Though “race” was never a category the Soviet authorities used much, their nationalities policy in the 1920s and support for interwar anti-colonial movements made the USSR probably the one country in the world that made anti-racism not only a domestic but an international priority and invested in it accordingly. Late Stalinism, with the collective punishment of whole peoples (and their accompanying racialization), with its antisemitic campaign, and open acknowledgement of Russians as “the first people” of the Union blunted this initial emancipatory thrust. In the treatment of race, the post-Stalin era contained policy elements from both of these earlier periods. And yet, for all of its contradictions, this period seems like a lost utopia compared to the post-Soviet one, which saw the normalization of racist violence and a previously censorable xenophobic language. Covering the last 80 years of Soviet and then post-Soviet Russian history, the three presentations of this panel will take us through this complex trajectory.
Harold Weaver, Race, Decolonization, and the Cold War: African Student Elites in Moscow in the Early 1960s
A revisionist, participant-observer account by an African American scholar-activist about why Black Africans were studying in Red Moscow, what they were studying, and how they were treated in preparation for leadership roles in post-colonial Africa.
Harold Weaver was the founding chair of the Department of Africana Studies at Rutgers University as well as of the BlackFilm Project, The BlackQuaker Project, and The China-Africa-Russia Project. He is now, retired but continues to be active in working toward transnational cultural relations, cross-cultural communication, respect and understanding through film, media, education and the arts. His latest book, forthcoming from University of Manchester Press is Decolonization and the Cold War: African Student Elites in the USSR, 1955-1964.
Zukhra Kasimova, Ethnic and Cultural Hybridity in Post-World War II Uzbekistan
The presentation will be focused on analyzing the adoption of predominantly Slavic and Jewish children, who were evacuated to Soviet Central Asia over the course of World War II and subsequently adopted by locals. As a result, these children had no other choice but to adopt local Central Asian religious and social practices, master the indigenous language(s), and in some cases, even change their Russian, Ukrainian, or Jewish names to Turkic or Persian ones. I will argue that structurally, the adoption of Caucasian children by Central Asian families serves as an example of the inverted colonial situation, where the relationships of subjugation and domination are turned upside down. I will explore the ethnical, religious, linguistic, and cultural hybridity that this “encounter” had produced, as well as the effect said hybridity had on reshaping the post-war notion of being Soviet.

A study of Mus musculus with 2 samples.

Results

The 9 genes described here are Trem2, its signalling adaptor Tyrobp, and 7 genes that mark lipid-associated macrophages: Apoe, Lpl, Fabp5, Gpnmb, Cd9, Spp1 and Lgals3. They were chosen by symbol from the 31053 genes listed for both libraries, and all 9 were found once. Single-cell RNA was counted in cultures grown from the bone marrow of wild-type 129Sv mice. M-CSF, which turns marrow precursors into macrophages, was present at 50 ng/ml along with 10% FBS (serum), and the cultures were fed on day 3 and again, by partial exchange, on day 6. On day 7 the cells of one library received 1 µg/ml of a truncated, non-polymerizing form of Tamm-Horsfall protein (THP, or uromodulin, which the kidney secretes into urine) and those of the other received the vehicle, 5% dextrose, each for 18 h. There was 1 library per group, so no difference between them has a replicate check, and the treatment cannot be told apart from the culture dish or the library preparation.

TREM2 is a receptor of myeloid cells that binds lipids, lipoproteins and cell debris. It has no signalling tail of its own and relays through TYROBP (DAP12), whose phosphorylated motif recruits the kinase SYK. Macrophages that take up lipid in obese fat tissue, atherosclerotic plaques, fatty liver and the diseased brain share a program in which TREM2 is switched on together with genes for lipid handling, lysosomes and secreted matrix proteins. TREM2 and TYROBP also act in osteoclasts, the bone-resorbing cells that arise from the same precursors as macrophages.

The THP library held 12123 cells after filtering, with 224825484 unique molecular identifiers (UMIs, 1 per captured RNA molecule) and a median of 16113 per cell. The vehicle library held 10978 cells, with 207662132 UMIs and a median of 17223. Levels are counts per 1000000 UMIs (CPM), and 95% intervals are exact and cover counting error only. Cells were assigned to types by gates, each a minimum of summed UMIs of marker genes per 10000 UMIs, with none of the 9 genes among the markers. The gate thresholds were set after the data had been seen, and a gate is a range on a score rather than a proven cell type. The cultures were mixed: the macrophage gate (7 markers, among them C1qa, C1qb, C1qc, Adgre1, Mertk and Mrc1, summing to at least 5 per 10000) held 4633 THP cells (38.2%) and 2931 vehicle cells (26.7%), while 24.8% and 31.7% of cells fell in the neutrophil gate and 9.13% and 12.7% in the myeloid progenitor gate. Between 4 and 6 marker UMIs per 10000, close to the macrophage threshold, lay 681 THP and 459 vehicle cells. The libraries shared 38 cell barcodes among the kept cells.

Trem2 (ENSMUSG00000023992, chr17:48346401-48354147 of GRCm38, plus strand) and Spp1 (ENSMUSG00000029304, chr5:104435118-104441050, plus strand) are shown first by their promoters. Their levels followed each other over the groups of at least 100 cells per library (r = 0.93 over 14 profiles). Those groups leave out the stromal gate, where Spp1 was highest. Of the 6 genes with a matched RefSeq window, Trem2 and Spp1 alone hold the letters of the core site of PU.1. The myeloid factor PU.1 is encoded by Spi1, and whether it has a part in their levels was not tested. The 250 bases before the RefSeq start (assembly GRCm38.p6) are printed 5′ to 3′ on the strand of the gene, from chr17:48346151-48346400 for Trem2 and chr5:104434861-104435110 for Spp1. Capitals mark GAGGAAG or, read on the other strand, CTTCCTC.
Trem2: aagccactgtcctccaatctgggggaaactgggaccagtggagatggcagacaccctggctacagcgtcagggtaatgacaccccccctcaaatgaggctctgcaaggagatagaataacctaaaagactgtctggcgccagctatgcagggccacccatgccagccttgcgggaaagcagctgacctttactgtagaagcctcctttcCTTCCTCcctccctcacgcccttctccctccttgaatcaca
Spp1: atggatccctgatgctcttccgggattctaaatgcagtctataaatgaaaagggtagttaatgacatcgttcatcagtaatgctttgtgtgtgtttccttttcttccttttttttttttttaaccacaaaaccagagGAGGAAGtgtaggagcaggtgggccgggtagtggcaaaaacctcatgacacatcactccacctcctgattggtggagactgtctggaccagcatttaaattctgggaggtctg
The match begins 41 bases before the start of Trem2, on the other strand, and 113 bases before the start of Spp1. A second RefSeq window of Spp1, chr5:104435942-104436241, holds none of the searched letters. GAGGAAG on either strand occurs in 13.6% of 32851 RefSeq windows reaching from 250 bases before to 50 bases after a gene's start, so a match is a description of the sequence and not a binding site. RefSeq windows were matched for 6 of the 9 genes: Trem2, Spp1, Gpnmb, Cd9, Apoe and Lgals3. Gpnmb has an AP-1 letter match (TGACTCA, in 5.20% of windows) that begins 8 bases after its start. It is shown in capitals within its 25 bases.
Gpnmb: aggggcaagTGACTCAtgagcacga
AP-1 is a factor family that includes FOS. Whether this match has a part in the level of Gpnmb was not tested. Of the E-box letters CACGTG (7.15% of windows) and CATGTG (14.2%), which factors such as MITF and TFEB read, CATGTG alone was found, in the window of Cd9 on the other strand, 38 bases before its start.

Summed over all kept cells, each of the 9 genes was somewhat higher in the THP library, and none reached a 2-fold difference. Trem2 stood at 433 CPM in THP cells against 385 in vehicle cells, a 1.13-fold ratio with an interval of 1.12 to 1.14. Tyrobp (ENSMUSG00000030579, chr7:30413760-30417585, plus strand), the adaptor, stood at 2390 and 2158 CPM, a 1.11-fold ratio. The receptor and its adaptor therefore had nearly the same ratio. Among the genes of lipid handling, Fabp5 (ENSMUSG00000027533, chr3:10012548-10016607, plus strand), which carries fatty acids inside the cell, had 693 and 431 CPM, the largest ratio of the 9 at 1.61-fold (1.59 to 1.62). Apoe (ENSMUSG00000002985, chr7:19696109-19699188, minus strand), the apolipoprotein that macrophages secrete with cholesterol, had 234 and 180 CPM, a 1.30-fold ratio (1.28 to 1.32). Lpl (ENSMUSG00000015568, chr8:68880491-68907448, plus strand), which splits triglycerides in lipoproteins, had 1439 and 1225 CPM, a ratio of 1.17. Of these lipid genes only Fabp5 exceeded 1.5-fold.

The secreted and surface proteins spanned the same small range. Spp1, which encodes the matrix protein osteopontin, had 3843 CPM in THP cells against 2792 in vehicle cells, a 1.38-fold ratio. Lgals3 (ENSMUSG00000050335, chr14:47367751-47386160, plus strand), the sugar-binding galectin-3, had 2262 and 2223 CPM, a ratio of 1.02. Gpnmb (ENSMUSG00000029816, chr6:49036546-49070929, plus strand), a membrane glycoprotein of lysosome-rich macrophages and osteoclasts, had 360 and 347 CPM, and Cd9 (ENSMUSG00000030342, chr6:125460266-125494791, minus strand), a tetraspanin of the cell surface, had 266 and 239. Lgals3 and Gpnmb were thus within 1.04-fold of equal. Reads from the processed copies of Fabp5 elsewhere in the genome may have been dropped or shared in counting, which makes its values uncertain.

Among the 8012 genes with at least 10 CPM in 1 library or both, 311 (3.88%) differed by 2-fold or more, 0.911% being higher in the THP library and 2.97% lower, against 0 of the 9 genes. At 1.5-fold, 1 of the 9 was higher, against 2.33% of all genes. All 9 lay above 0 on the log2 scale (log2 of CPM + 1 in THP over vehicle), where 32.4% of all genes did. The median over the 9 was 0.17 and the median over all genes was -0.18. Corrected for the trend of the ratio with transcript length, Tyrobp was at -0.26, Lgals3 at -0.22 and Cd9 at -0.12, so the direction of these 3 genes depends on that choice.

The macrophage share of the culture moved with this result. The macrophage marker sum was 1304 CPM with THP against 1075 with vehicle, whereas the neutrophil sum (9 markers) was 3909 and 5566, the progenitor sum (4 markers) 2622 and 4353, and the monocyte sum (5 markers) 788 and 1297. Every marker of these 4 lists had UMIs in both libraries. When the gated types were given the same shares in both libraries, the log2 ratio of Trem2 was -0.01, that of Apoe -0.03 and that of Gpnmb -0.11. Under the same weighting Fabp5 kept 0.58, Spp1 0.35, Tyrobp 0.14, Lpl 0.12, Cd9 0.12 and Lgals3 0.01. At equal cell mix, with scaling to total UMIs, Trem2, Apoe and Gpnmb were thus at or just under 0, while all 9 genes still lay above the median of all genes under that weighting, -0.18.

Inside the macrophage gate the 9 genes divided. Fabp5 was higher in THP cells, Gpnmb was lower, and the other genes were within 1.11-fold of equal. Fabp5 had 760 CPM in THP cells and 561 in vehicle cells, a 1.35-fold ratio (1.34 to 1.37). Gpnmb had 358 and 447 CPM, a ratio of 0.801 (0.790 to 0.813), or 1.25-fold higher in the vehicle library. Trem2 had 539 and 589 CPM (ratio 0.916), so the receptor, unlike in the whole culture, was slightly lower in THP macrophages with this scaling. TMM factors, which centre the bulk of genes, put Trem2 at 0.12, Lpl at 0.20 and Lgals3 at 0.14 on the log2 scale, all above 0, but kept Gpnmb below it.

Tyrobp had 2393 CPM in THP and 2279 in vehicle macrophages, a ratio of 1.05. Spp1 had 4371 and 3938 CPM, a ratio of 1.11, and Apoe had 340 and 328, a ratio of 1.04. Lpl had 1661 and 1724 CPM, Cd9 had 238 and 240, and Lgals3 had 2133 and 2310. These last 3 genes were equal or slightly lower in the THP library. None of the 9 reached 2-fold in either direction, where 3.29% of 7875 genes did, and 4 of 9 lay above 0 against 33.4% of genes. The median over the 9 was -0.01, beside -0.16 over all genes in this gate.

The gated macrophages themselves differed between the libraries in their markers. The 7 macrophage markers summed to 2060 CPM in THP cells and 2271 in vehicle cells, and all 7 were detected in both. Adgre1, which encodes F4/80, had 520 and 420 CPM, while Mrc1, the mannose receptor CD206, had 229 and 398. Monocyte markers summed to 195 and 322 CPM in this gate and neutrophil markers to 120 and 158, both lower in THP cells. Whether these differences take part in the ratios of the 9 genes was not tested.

Zukhra Kasimova holds an MA in Comparative History from Central European University in Budapest, Hungary. Currently, she is a PhD candidate in the History Department at the University of Illinois at Chicago. The tentative title of her dissertation is “A Hybrid Modernity: Forging Soviet Uzbekistan, 1941– 1980”.
Claudia Sadowski-Smith, “The Unbearable Whiteness of the Post-Soviet Diaspora in the United States.”
The presentation discusses how post-Soviet immigrants in the United States are racialized as homogeneously white and uniquely different from other contemporary US migrant groups, and associated with idealized accounts of twentieth-century European immigrants’ upward mobility into “whiteness,” despite the ethnic, economic, and status diversity of the post-Soviet diaspora. All the while a new “Russian” American immigrant culture with many similarities to contemporary non-white diasporas is emerging that is not only shaped by notions of race inherited from the former Soviet Union but also by diverse experiences of immigration and socialization into the fraught history of US race relations.
Claudia Sadowski-Smith is Professor of English and American Studies at Arizona State University. She is the author of The New Immigrant Whiteness: Neoliberalism, Race, and Post-Soviet Migration to the United States (New York University Press, 2018), Border Fictions: Globalization, Empire, and Writing at the Boundaries of the United States (University of Virginia Press, 2008), and Globalization on the Line: Culture, Capital, and Citizenship at U.S. Borders (Palgrave, 2002). She has edited or co-edited two special journal issues, one on comparative border studies and the other on post-socialist literatures in the United States, and published articles on US-Mexico and US-Canada border literatures, transnational adoption, transnational reality TV, and international migration. She is currently at work on climate migration and a special journal issue on Global Post/Socialism.
Rossen Djagalov, NYU Professor of Russian and Slavic Studies
This event will be held virtually as a Zoom meeting.